A few Tax Policy Center staffers and I spend tax season volunteering for the IRS’s Volunteer Income Tax Assistance (VITA) program, providing free tax preparation services to low-income filers.
You do not need to be a tax expert to volunteer at a VITA site (it’s like an open-book test), but assisting actual people, in all their complexity, provides a crash course in how tax policy affects Americans. This was particularly true this year because so much pandemic policy was tax relief targeted at the types of households who use VITA sites.
If it were up to me, every policymaker would volunteer at a VITA site to see first-hand how their actions (or inactions) affect some of their most vulnerable constituents. But lacking omnipotence, I at least can summarize my biggest takeaways.
Pandemic assistance was helpful but sometimes opaque
For VITA clients, the most important types of pandemic tax relief were the economic impact payments (i.e., stimulus checks), the expanded child tax credit (CTC), and the broader earned income tax credit (EITC) for childless workers.
Remembering if three stimulus checks showed up in April 2020, January 2021, and March 2021 or if we needed to claim them on a tax return proved a bit confusing, but most clients had documentation.
Meanwhile, parents clearly remembered the monthly CTC payments they received from July to December, and every eligible client I helped received their monthly checks. (Our clients typically had an existing relationship with the IRS and were not at risk of missing out on the payments.) Further, because half of the expanded CTC was delivered on this year’s tax return, every parent I helped also left with a sizeable federal tax rebate. That said, most had little idea why the monthly CTC checks started or stopped.
The biggest complication with the stimulus checks and CTC was a long-standing problem: Who can claim a child? If a child’s parents are not married, a different parent might “claim” the child in different years. Children increasingly live in diverse families that don’t always comport to our tax code’s definitions.
As for the larger EITC for workers without children on their return, eligible clients were pleasantly surprised to receive a larger than usual refund this year on their federal and (some) state returns. However, we warned them it’s probably only for this year.
Taxable unemployment benefits became a (familiar) withholding problem
In tax year 2020, the federal government exempted $10,200 of unemployment compensation from taxable income. But in 2021, all unemployment income was taxable on the federal return. As a result, clients with significant unemployment income often left my VITA site with large tax bills because they did not withhold tax on their benefits.
At my site in the District of Columbia, it was particularly easy to see how this affected taxpayers because the District doesn’t tax unemployment benefits. For example, one client who had roughly equal income from unemployment compensation and his job in 2021 owed the federal government $1,000 but got a $1,000 refund from the District. (Client: “So, you’re saying I get money from one just to give it to the other?”)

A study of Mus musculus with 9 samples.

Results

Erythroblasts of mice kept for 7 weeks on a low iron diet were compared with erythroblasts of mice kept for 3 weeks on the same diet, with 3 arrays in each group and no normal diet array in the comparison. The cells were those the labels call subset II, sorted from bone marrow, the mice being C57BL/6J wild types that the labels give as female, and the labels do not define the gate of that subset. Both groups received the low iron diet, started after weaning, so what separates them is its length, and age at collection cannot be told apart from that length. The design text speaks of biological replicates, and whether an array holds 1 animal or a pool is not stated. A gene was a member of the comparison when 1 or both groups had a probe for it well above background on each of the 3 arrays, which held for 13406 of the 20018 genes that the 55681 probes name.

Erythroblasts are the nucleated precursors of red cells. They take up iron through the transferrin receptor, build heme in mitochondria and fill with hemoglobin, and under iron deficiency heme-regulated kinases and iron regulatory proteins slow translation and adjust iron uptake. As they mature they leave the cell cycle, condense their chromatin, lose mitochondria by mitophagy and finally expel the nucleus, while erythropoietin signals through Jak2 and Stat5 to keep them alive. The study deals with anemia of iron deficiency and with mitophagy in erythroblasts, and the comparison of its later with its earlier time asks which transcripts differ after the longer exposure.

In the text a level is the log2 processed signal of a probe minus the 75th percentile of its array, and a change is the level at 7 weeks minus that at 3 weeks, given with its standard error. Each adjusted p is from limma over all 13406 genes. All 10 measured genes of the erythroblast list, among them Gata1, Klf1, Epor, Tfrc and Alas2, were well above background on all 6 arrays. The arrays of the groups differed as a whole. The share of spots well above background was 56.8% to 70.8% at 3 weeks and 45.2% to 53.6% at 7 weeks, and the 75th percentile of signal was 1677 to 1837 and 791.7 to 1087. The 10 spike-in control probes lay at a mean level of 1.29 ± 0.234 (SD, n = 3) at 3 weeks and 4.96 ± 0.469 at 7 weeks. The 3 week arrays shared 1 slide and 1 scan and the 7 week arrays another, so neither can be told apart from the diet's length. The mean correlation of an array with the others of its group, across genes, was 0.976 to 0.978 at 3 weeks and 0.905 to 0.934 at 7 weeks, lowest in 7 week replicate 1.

Here’s what happened: On his federal return, the unemployment income created a tax liability and made his adjusted gross income (AGI) too high for the federal EITC. On his DC return, the unemployment income wasn’t taxed and his District AGI remained low enough to benefit from the District’s relatively large and refundable EITC.
But leaving policy aside for a minute, our client’s federal tax liability was the result of his failure to withhold taxes owed. We often see a similar problem with clients who get nonemployee compensation for house cleaning and construction jobs. These workers (who sometimes are mislabeled employees) don’t have tax withheld from their paychecks throughout the year and can end up owing thousands of dollars (that they don’t have) in income and payroll tax when they file. Unfortunately, the ins-and-outs of tax withholding are rarely discussed with them, especially if they speak English as a second language, until they’re staring at a massive tax bill.
In-person assistance is so valuable because taxes are so personal
My VITA site did a mix of in-person and virtual tax preparation this year. The virtual volunteers did incredible work, but my experience convinced me of the value of in-person assistance.
For many Americans, taxes are complicated because life is complicated. Real life family and work situations don’t always translate simply onto a tax form. It takes a lot of conversation and understanding to figure these issues out and complete a client’s return.
Generous pandemic tax relief significantly helped many low-income households. But it’d also be nice if more policymakers listened to the kinds of conversations that happen at a VITA site and thought more about our clients’ types of tax complexity when crafting policy.